The Truth About the Other Side

  • Michael Reiner
  • Copywriter, Free Range

Our lives are incredibly busy. To simplify we’ve invented thousands of apps and instant services that make things easier. When it comes to politics, it only makes sense that we’ve done the same.

From the local and state level all the way to our federal government, a lot takes place in a single day. Even the most voraciously informed of us aren’t capable of digesting all of the news and the rest of us don’t want to deal with a lot of it. So we opt for a Cliff Notes of the day’s events. That means choosing a form of trusted media–NYT or Fox News. WaPo or Breitbart. With our media comes a binary option. Liberal or Conservative. Red or blue. Black Lives Matter or Police Lives Matter.

We don’t do “&” very well these days.

When we tune into Facebook, we’re served up stories based on what an algorithm thinks we “want” to see. That’s not the same as what we “need” to see. Stories with the potential to challenge our POV may never cross the feed.

As a result we retreat into “choose your side” politics. If you support the right, your news feed provides the ammo you need to defend your stance.

When you exit the digital realm and enter real life, you present yourself as a republican or democrat. There’s little wiggle room in between. In conversation you often hear the words, “the other side” as if we are not one people made up of different beliefs, but two distant, hardly recognizable armies.

If you’re a liberal and you “Like” Fox News so you can tune into what they’re saying across the aisle, you’re likely to be branded a traitor for it on social media. The way many people see it: you’re either one of us or you’re one of them. We are quick to write anyone off with a dissenting opinion.

Taking sides has its advantages.

It helps differentiate friends and enemies. It weeds out the people we disagree with out of our life. It brings those who agree close to us, and pushes away all the others. With such great distance between folks of different beliefs, it seems we’ve given up the possibility of having civil discourse.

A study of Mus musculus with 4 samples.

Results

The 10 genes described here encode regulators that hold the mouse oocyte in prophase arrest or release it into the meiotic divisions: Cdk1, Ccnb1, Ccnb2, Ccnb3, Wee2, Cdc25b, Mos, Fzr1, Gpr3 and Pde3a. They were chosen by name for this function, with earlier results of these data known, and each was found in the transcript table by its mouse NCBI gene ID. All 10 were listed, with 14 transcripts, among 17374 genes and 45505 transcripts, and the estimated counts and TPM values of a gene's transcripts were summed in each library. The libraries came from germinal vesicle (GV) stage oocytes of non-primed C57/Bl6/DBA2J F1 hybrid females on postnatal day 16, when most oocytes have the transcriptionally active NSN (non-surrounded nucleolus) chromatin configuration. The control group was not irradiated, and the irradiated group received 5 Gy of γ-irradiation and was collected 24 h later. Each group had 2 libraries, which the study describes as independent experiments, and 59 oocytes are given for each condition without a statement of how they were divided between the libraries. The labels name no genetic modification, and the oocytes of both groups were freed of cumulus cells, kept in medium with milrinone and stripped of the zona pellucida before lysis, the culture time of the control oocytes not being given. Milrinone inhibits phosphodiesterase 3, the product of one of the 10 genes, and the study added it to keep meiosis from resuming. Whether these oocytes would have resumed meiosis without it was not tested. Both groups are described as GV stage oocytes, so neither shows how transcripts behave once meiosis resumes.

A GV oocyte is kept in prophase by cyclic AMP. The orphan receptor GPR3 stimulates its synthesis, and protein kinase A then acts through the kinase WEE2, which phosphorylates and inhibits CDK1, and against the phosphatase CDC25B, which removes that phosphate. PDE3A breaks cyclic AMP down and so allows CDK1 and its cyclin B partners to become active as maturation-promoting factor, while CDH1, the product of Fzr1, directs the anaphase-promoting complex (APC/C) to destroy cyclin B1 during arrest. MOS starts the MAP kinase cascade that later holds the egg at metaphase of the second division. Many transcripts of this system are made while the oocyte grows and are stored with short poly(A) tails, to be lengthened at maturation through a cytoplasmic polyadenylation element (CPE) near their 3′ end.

Here’s one example to the contrary: my dad is close friends with a neighbor who lives across the street. My dad is emphatically liberal, sees value in taxes, and would never own a gun. His neighbor is a staunch conservative, who doesn’t believe he owes the government a penny, and has a bunch of guns.

They talk about politics sometimes. More often they talk about their dogs and about the going’s on in the neighborhood and their favorite restaurants. You know what they get the most up in arms about? Who’s going to pick up the check when they’re out to eat. Even with strong political differences, they can see that their shared values are far stronger. They both care for their families more than anything. They’re both small business owners. They’re both filled with compassion for humans and will greet you with a bear hug when you see them.

Today our political tension is through the roof. When a conflict arises, people file neatly into their pre-chosen sides, with little critical thinking and much finger pointing. Everything that happens further emphasizes whatever you believe in. There is little learning. There is little improving. There is what feels like complete and total stalemate.

Nothing will change if we choose to avoid those whom we disagree with.

If we aren’t willing to listen to another perspective, we rob ourselves of an opportunity to grow. If there’s anything that can help us address our national problems, it’s shared dialogue. It takes energy, it takes focus, it takes commitment.

If you go out looking for the things that divide us you’ll find plenty. But if you look for what unites us, you’ll be able to find that too. So go ahead and try it out. Talk to someone you consider to be on “the other side.” Have a conversation and see if there are some things you both believe to be true.

At the end of the day, both “sides” live in the same neighborhoods, eat at the same restaurants, and send their kids to the same schools. Let’s create more spaces that provide a real opportunity to talk about things that matter and hear others out.

If worse come to worse, we can always agree to disagree.